By Arnie Leshin
And down and down they went, world champion Joey Chestnut just kept gobbling them down. His 10th consecutive title at his familiar Fourth of July stage in Coney Island at Nathan’s Famous International World Hot Dog championship.
Because of the coronavirus pandemic that includes social distancing, the event in the Brooklyn borough of New York didn’t draw its usual shoulder-to-shoulder cheering crowd, and Chestnut did say he missed this.
Still, he broke away from a tight early start among the five competitors to pull away each minute of the scheduled 10 and push 75 hot dogs down in a world-record announced by event commentator/host George Shea.
Now 36 years old, the 6-foot-1, 220-pound Chestnut hails from San Jose, Calif., and debuted at popular Coney in 2005. Since then he has taken first place 13 times, all coming at an average of 67 franks going down the hatch. With three minutes remaining Saturday, he said he hit a wall, but that the well-cooked hot dogs kept him going.
“It was close early on,” he said as the sweat poured down on this 80-degree sunny day. “There was no crowd to pump me up, but once I opened the lead, I felt comfortable, but I also missed the usual hugging of strangers.”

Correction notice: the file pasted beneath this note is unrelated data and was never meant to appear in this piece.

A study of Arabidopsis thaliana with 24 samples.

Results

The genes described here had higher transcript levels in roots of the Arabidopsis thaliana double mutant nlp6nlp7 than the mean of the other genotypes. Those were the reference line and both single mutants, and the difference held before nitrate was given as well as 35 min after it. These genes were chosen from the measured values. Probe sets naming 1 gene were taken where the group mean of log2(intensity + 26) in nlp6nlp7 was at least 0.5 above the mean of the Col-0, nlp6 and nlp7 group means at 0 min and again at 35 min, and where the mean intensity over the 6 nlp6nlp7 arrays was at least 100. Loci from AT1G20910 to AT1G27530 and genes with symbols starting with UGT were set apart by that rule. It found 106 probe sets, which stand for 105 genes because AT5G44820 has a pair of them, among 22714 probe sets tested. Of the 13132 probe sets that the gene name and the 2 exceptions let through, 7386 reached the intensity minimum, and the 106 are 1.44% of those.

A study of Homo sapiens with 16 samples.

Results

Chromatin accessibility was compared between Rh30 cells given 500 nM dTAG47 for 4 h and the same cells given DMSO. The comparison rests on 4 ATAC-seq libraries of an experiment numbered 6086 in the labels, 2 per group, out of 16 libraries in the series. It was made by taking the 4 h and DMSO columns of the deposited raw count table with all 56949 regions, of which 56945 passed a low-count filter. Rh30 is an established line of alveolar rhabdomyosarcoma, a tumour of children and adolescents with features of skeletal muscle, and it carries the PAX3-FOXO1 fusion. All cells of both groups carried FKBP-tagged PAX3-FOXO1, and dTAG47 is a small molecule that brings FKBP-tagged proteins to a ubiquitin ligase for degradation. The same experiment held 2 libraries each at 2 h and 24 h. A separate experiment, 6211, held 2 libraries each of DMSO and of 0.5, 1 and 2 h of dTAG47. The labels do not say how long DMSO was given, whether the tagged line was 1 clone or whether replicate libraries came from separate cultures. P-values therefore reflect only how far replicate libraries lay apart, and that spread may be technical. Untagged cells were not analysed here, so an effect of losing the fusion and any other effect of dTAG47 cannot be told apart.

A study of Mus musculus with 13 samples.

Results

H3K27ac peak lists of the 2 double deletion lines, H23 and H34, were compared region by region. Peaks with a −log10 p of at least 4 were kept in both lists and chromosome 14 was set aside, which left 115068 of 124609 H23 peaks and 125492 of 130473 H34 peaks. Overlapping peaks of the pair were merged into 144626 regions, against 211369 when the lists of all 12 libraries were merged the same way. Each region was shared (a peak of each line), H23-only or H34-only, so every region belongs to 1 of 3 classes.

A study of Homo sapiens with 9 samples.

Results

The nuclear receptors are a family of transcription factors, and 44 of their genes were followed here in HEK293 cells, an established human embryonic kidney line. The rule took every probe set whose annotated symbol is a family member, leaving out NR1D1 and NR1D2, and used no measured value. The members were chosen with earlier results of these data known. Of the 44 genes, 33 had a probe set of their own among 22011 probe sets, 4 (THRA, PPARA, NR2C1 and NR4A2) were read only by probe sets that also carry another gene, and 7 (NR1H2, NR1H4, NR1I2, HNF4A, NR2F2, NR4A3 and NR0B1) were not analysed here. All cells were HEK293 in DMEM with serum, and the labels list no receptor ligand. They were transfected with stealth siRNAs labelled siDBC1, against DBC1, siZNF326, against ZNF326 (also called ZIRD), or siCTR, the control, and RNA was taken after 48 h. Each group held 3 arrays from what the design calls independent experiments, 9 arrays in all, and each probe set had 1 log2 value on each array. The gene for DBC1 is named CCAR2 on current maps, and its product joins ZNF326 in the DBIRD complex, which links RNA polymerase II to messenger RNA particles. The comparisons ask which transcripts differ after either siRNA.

But he did go elbow-to-elbow with the other entries and the event officials.
Right on, it went from a 3-way fie at eight hot dogs each to Chestnut already leading the short field with 40 doggies with six minutes to go. A minute later he had 46. At four minutes, he had 52, and 57 with three minutes left. Shea was pushing for a big finish when Chestnut hit the last minute with 68 downed, and he made it to 75, two better than his previous best.
It was a double win for him. This time he brought his girl friend Micki Sudo and she began the event with a victorious record 48 1/2 hot dogs, four more than the previous best by a woman. She said she owed it all to Joey because she gathered in all the advise he provided, and was very happy to join him in the winner’s circle.
In the main event, Nick Wehrer placed second with 48, third, with 37, was Eric “Badman” Booker, fourth was Dave Chigel with 31, and fifth came Eric Barnett with 30. Last year, Chestnut topped the field by 21 hot dogs.
“I thought I should have done better today,” he said while having the championship buckle wrapped around his waist, and with the championship trophy at his side and Sudo leading the cheers. “I guess I need to train a little more.’
Chestnut added that he enjoys donating his prize money to charities, said he’s been doing this since his first victory here.
Moon pies, pizzas, oysters, chicken, ribs, sausages, cheese curds, and other foods have also been com petitions of these gobblers, but on Indepndence Day the place to be is where it’s at — Nathans Famous on busy Stillwell Avenue.
And once again, it was the familiar look of Joey Chestnut pushing hot dogs down in what could be the most popular of all eating contests around the world, and at the oldest of all sites only a block from the (Atlantic) Ocean, and with rides and more rides on each street, the Cyclone roller coaster the oldest and most known and two blocks from Nathans.
Wonder if the riders can smell Nathan’s mustard hot dogs as they ride up and down the steep tracks?